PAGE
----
According to the National Highway Traffic Safety Administration (NHTSA), in the United States there are approximately 6,000 pedestrian fatalities and around 137,000 pedestrian injuries in vehicle-related crashes each year on average. When a vehicle strikes a pedestrian, obviously the injuries can be quite serious.
A personal injury lawyer can help you understand whether you can seek compensation for your injuries following a pedestrian accident. One of the important questions is who is liable for the accident.
What Does Liability Mean in a Personal Injury Case?
Liability in a personal injury case refers to the legal responsibility or accountability for causing harm to another person. The individual or entity deemed to be liable for an accident that causes an injury to another may be held responsible for compensating the person for their losses, including medical expenses, lost income, and pain and suffering.
Liability can be determined through a variety of means, including negotiation between the parties or relying on the decision of a court after evidence is presented in a case. To determine liability in court, it generally must be established that the individual or entity had a duty of care to the injured party, that such duty was breached, and that the breach caused the harm.
Is a Driver Automatically Liable for an Accident Involving a Pedestrian?
No, the person driving a vehicle isn’t automatically liable for an accident that also involves a pedestrian. The same burden of proof exists in such a case that would exist in any other personal injury case. The injured party must show that the driver failed to take some sort of action or took an inappropriate action that led to the injury—effectively ignoring their duty of care.
For example, as a driver, you have a duty of care to be aware of others on the roadway. You also have a duty of care to try to avoid hitting someone else, including pedestrians. If a pedestrian is crossing the road in a crosswalk and you fail to yield to them—resulting in an accident—it would likely be determined that your duty of care was breached. If the pedestrian sustained injuries, you might be held liable.
What if the Pedestrian Is Breaking the Law?
Your duty of care still exists even if a pedestrian is crossing the road illegally. As the driver of a vehicle that can clearly cause serious injury, you have a duty of care to avoid the pedestrian if possible. A failure to act in a reasonable way to attempt to safeguard the pedestrian—even though they are crossing illegally—can mean you are held liable for any injuries that occur.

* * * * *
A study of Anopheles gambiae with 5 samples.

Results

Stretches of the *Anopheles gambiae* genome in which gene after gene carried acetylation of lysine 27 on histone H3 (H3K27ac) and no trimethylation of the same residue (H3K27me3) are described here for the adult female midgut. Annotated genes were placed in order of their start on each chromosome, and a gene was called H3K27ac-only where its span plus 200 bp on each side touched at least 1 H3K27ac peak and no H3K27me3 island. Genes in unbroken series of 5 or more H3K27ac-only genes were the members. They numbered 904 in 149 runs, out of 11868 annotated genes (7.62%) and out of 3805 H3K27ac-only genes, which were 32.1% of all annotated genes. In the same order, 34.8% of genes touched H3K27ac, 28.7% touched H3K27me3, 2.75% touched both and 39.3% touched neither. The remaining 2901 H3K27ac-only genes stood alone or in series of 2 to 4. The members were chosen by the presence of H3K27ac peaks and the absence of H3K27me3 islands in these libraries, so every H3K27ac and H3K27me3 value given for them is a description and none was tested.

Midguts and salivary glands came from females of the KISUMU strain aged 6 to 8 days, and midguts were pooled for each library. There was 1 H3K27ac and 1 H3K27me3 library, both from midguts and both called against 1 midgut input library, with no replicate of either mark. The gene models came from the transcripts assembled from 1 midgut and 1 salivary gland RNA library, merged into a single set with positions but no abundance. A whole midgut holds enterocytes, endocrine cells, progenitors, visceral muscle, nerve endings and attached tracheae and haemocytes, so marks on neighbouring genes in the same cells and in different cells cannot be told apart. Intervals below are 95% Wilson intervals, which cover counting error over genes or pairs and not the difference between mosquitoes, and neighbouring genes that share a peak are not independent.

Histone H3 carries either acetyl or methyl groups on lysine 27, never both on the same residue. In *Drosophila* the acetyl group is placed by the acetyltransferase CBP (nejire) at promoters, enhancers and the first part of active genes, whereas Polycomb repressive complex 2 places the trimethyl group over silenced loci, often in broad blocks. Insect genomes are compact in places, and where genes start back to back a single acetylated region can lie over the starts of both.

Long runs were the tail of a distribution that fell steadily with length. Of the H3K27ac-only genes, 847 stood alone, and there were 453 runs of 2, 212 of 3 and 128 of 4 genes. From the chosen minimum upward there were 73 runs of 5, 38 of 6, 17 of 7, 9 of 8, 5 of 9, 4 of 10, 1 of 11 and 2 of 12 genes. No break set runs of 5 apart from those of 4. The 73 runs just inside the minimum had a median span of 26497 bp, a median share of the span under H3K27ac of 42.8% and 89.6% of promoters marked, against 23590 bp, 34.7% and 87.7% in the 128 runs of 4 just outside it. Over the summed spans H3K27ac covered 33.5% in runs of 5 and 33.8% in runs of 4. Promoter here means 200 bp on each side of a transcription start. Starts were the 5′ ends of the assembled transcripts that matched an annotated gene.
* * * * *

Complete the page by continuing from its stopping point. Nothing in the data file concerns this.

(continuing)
Comparative Fault and Why It Matters
However, in some cases, you may not have to cover all the damages caused in such an accident. Florida has what is called comparative fault laws regarding personal injury. That means that the potential fault of both parties involved in a case can be considered when courts decide how much financial responsibility one party may have.
For example, if a pedestrian crosses a busy street illegally by not going to the crosswalk and simply attempting to dash across the road, they may be considered fully or partially responsible for any accident that occurs. If they dart out into oncoming traffic even though it’s clear the vehicles are too close to be able to stop before hitting the pedestrian, they might be fully liable.
If, however, a driver doesn’t see the pedestrian because they were distracted by a text, the driver is also partially at fault. The court considers all the evidence of the case to determine the percentage of fault allocated to each party. It’s this percentage that determines the financial obligation for each party.
In a case where a driver is found to be 70% liable for injuries to a pedestrian, the driver would be responsible for paying 70% of the compensation awarded in the case. For example, if the court awards $100,000 in damages in such a case, the driver (or their insurance company) would be responsible for paying $70,000.
Why Contact a Personal Injury Lawyer?
When you’re hurt in an accident, you have a right to seek compensation for damages when someone else may have been liable. However, that doesn’t mean you’re guaranteed compensation. In a civil case, which is what a personal injury lawsuit is, the plaintiff has the burden of proof. The plaintiff is the person filing the lawsuit and seeking compensation.
As the injured pedestrian, you have to demonstrate that you were, indeed, injured. You may need to present evidence about the extent of your injuries and the financial losses associated with them. You may even have to make a case for the driver’s liability or argue against a case for your own liability—such as if you were crossing or entering the road illegally at the time of the incident.
A personal injury attorney can help you make such a case. They work with you to gather evidence and come up with a strategy to improve the chances of getting the compensation you need to cover your losses and move forward with your life.
If you’re dealing with injuries due to a pedestrian accident, contact a personal injury lawyer as soon as possible to find out what your options are. Reach out today to Jiles Law, P.A., to find out how we can help with your case.